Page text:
Bolton claims Trump asked China to help with his reelection bid

In new book, former national security adviser claims Trump pleaded with Chinese President to help his reelection prospects.

Arutz Sheva Staff ,

John Bolton
John Bolton
Yoni Kempinski

US President Donald Trump “pleaded” with China’s Xi Jinping during a 2019 summit to help his reelection prospects, says the new book by former Trump adviser John Bolton, according to an Associated Press report on Wednesday.

The book accuses the President of being driven by political calculations when making national security decisions. The Associated Press obtained a copy of Bolton’s book in advance of its release next week.

Bolton, Trump's national security adviser for a 17-month period, called Trump's attempt to shift the June 2019 conversation with Xi to the US election a stunning move, and wrote that it was among innumerable conversations that he found concerning.

Deeply critical of the president and much of his senior team, Bolton wrote that because staff had served him so poorly, Trump “saw conspiracies behind rocks, and remained stunningly uninformed on how to run the White House, let alone the huge federal government.” He added that while he was at the White House, Trump typically had only two intelligence briefings a week “and in most of those, he spoke at greater length than the briefers, often on matters completely unrelated to the subjects at hand.”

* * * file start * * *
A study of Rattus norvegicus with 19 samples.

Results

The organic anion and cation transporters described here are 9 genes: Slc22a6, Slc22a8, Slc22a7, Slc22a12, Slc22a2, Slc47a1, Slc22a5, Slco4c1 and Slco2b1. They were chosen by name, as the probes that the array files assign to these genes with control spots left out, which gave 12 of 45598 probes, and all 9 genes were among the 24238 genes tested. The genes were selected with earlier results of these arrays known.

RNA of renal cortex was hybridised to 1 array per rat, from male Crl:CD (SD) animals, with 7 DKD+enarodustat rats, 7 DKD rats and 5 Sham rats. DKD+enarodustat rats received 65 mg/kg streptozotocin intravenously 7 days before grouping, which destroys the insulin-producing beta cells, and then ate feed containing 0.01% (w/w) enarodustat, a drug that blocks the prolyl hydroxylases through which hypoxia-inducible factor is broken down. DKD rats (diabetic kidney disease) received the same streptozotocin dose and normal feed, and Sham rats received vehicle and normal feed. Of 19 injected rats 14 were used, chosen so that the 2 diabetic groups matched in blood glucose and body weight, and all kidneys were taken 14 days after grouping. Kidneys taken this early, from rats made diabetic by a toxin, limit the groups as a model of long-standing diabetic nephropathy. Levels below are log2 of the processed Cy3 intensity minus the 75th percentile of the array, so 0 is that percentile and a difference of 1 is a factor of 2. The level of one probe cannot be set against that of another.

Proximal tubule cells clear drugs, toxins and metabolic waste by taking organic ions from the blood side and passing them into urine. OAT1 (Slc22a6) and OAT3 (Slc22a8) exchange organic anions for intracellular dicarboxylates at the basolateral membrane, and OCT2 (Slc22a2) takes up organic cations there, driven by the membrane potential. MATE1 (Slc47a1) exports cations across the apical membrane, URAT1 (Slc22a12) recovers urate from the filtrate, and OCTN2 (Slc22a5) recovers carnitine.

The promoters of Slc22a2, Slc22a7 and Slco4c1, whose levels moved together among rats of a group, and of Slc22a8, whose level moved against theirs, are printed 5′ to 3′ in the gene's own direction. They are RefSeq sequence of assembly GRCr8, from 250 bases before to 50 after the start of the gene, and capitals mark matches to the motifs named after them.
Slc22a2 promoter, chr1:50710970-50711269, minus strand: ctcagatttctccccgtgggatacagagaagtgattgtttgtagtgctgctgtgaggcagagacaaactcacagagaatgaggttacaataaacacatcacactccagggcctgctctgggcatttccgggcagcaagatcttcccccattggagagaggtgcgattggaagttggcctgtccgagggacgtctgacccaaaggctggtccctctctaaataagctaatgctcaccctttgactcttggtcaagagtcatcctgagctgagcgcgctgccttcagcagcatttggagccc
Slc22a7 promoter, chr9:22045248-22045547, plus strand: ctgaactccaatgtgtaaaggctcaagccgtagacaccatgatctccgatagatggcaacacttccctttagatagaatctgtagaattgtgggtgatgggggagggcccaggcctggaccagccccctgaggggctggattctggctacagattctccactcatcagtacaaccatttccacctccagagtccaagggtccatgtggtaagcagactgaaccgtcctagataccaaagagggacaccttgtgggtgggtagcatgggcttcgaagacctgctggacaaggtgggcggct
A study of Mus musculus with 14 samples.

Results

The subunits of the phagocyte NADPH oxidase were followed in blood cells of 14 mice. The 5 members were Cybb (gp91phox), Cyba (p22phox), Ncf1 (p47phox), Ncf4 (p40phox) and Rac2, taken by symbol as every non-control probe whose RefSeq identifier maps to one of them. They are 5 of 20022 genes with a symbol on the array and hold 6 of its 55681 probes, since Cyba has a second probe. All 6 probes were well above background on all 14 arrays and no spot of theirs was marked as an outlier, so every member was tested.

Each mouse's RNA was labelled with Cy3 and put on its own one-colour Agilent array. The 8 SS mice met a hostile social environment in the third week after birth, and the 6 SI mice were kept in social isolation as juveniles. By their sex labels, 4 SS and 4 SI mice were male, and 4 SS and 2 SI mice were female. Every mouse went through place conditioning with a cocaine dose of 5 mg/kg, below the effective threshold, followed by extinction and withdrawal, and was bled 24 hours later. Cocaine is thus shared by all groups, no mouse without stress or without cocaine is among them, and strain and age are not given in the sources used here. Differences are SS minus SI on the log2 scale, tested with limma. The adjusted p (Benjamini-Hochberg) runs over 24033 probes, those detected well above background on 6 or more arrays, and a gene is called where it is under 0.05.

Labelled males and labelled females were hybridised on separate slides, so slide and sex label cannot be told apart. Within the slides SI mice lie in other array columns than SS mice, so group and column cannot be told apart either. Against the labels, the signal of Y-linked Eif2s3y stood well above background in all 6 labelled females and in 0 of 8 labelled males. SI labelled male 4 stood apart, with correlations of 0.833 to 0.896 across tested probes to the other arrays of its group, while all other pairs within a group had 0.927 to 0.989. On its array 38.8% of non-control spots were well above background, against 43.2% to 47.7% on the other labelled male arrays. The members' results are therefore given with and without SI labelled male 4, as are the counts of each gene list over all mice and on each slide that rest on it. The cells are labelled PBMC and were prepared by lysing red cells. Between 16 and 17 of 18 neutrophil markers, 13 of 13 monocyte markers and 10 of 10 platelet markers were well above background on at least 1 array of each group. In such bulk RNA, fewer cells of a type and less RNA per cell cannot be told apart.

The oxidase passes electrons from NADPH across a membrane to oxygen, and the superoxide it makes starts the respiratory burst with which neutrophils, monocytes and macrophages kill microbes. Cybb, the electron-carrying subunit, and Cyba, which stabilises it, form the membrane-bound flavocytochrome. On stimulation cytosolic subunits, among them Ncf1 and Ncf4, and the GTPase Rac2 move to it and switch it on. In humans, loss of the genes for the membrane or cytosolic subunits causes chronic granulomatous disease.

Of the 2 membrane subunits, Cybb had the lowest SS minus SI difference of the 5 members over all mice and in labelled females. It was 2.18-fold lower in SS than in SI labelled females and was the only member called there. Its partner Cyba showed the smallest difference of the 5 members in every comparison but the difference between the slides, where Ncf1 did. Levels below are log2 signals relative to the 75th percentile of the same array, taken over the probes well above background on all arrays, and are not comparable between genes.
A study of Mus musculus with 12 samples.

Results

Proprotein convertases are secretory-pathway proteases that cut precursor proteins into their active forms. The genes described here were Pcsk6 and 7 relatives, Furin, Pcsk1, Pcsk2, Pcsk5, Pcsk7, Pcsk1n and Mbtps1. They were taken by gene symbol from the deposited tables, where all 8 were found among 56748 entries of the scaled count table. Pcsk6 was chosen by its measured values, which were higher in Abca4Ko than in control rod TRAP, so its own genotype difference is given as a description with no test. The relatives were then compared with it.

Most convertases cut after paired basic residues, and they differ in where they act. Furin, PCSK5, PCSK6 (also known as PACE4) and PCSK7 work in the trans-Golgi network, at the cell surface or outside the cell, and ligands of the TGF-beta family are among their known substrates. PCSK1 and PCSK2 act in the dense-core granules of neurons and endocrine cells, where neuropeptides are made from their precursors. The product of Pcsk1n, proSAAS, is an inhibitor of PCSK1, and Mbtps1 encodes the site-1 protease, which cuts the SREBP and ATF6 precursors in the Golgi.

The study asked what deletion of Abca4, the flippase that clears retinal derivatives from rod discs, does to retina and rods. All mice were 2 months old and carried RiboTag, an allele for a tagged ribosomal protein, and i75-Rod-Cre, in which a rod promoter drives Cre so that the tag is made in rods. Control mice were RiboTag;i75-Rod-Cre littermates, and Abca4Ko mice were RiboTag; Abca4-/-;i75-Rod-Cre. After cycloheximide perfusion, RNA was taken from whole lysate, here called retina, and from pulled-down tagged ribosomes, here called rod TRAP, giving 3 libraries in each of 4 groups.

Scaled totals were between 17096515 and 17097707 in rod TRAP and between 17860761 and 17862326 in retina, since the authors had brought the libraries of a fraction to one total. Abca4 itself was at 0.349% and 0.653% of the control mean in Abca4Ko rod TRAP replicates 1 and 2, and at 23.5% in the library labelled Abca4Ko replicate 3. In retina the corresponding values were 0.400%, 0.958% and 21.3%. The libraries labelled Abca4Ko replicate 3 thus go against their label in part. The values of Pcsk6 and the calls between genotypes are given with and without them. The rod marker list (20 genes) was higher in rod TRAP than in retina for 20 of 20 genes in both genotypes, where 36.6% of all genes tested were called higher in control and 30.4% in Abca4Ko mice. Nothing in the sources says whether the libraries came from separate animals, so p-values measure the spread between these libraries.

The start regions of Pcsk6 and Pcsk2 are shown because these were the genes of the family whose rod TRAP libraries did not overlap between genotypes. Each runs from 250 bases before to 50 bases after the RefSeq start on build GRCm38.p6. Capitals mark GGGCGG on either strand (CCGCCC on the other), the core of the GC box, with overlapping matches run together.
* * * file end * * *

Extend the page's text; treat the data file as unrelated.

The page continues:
As for the meeting with the Chinese president in Osaka, Japan, Bolton wrote that Trump told Xi that Democrats were hostile to China.

“He then, stunningly, turned the conversation to the coming US presidential election, alluding to China’s economic capability to affect the ongoing campaigns, pleading with Xi to ensure he’d win,” Bolton said. “He stressed the importance of farmers, and increased Chinese purchases of soybeans and wheat in the electoral outcome.”

Bolton wrote that he would print Trump’s exact words, “but the government’s pre-publication review process has decided otherwise."

The White House did not immediately respond to a request for comment on the specifics in Bolton's book, but emailed reporters past quotes of Democratic lawmakers impugning the former Trump aide's credibility.

In advance of the public reports about the details, White House press secretary Kayleigh McEnany said the book was “full of classified information, which is inexcusable.”

Wednesday’s publication comes a day after the Trump administration asked a federal judge to order Bolton to stop the publication of his book, saying he had breached a non-disclosure agreement and was risking the exposure of classified information.

On Monday, Trump said it was “totally inappropriate” for Bolton to write a memoir about his work in the White House.

“If he wrote a book, I can’t imagine that he can because that’s highly classified information. I will consider every conversation with me as president highly classified. So that would mean if he wrote a book and if the book gets out, he’s broken the law and I would think he would have criminal problems,” Trump told reporters during a meeting in the Cabinet Room.

Bolton was dismissed by Trump last September. Trump later explained the dismissal by saying that Bolton made “mistakes”, including insulting North Korean leader Kim Jong Un by demanding that North Korea follow the "Libya model" of nuclear disarmament.

In November, two months after the dismissal, Bolton returned to Twitter after a lengthy absence and accused the White House of blocking access to his account.